No, they should not employ more security measures. The agency cannot even perform the duties they do now properly, why would additional tasks be any better? We need to stop being afraid of shadows and stop allowing ourselves to be treated like cattle by those who happen to work for a government agency.

  • No, TSA should not employ more security measures to ensure passengers' safety.

    No, TSA does not need more security measures to ensure passengers' safety, but rather, different security measures. There has been some discussion of pre-assessment and vetting for low-risk, frequent travelers that could reduce congestion at airport security checkpoints. Avoiding random pat-downs and tests for explosive residue on hands of low-risk passengers, for example, would leave security agents free to focus on other individuals.

  • The TSA does not need to employ more security measures to ensure passengers' safety

    The TSA does not need to employ more security measures to ensure passengers' safety. When I hear the words "employ more security measures," what I really hear is "more money." The TSA already has a significant budget. Instead of focusing on more measures, the agency must perfect those already in place and get better at what it is already supposed to do.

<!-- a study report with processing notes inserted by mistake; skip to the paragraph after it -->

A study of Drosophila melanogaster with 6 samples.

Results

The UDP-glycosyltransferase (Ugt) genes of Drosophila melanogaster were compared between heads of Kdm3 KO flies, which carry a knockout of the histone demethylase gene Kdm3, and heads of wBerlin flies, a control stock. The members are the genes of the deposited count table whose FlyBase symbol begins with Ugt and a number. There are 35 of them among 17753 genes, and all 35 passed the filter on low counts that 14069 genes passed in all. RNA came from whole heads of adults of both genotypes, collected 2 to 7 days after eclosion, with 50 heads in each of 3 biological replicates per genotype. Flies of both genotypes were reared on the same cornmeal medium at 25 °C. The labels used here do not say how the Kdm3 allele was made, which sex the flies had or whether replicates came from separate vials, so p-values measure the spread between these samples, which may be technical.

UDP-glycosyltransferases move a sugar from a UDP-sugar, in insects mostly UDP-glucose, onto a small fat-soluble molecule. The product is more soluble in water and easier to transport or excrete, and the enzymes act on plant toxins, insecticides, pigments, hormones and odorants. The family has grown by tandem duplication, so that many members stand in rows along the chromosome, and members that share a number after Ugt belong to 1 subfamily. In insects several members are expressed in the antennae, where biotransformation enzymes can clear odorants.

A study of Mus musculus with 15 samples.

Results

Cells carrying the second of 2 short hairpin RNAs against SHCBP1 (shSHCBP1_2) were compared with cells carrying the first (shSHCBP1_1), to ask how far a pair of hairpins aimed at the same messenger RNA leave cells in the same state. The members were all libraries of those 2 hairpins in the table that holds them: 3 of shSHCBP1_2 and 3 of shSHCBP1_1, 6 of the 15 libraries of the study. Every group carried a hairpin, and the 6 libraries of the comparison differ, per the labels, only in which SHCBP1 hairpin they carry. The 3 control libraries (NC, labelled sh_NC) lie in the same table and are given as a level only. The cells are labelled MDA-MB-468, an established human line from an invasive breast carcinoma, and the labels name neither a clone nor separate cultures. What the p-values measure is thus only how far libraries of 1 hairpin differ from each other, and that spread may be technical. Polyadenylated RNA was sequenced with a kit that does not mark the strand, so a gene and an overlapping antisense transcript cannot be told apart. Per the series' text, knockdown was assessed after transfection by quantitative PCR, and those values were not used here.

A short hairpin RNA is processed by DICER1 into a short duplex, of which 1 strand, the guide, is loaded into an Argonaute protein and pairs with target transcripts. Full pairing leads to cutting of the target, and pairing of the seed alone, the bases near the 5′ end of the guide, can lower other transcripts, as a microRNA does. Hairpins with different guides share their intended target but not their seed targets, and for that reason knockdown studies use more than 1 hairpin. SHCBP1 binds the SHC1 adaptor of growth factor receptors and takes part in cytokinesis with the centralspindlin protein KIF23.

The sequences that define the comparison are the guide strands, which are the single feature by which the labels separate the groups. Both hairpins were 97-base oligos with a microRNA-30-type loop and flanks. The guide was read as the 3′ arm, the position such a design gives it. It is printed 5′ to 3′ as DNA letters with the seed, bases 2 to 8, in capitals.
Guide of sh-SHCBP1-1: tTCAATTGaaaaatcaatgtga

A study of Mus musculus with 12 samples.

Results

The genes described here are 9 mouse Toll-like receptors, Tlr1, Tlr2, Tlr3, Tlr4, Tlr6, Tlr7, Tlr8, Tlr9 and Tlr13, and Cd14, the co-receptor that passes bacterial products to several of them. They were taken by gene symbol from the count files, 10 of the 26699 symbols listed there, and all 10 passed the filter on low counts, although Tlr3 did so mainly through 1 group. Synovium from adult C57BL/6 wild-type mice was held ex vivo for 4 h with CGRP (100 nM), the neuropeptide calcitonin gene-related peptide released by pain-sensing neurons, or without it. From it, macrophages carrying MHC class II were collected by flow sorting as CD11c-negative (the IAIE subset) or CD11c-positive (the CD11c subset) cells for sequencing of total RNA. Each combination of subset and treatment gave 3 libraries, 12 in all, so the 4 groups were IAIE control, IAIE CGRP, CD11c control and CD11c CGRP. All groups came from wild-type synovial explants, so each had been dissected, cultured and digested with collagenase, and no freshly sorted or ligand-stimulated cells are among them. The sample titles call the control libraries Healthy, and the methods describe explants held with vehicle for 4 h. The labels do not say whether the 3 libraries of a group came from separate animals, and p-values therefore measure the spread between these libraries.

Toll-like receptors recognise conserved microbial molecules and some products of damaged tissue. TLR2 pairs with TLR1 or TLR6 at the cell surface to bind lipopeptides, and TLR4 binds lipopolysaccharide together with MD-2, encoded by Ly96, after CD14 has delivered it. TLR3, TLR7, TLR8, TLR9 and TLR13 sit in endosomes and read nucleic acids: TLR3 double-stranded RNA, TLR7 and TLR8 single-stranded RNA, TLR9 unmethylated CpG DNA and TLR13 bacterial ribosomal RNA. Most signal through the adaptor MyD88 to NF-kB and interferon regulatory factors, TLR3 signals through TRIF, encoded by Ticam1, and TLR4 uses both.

• No, security has gone far enough already

    Security measures as they currently stand are more stringent than they've ever been, and in reality if you consider security on a long-term, global scale we are far safer than we have ever been. There are still a small number of high-profile attacks that generate headlines and induce fear but realistically people are more protected and suffer more security checks than ever before. It will never be possible to stop all terrorist attacks and at some point we have to consider the economics of more security versus the freedom of movement of the individual.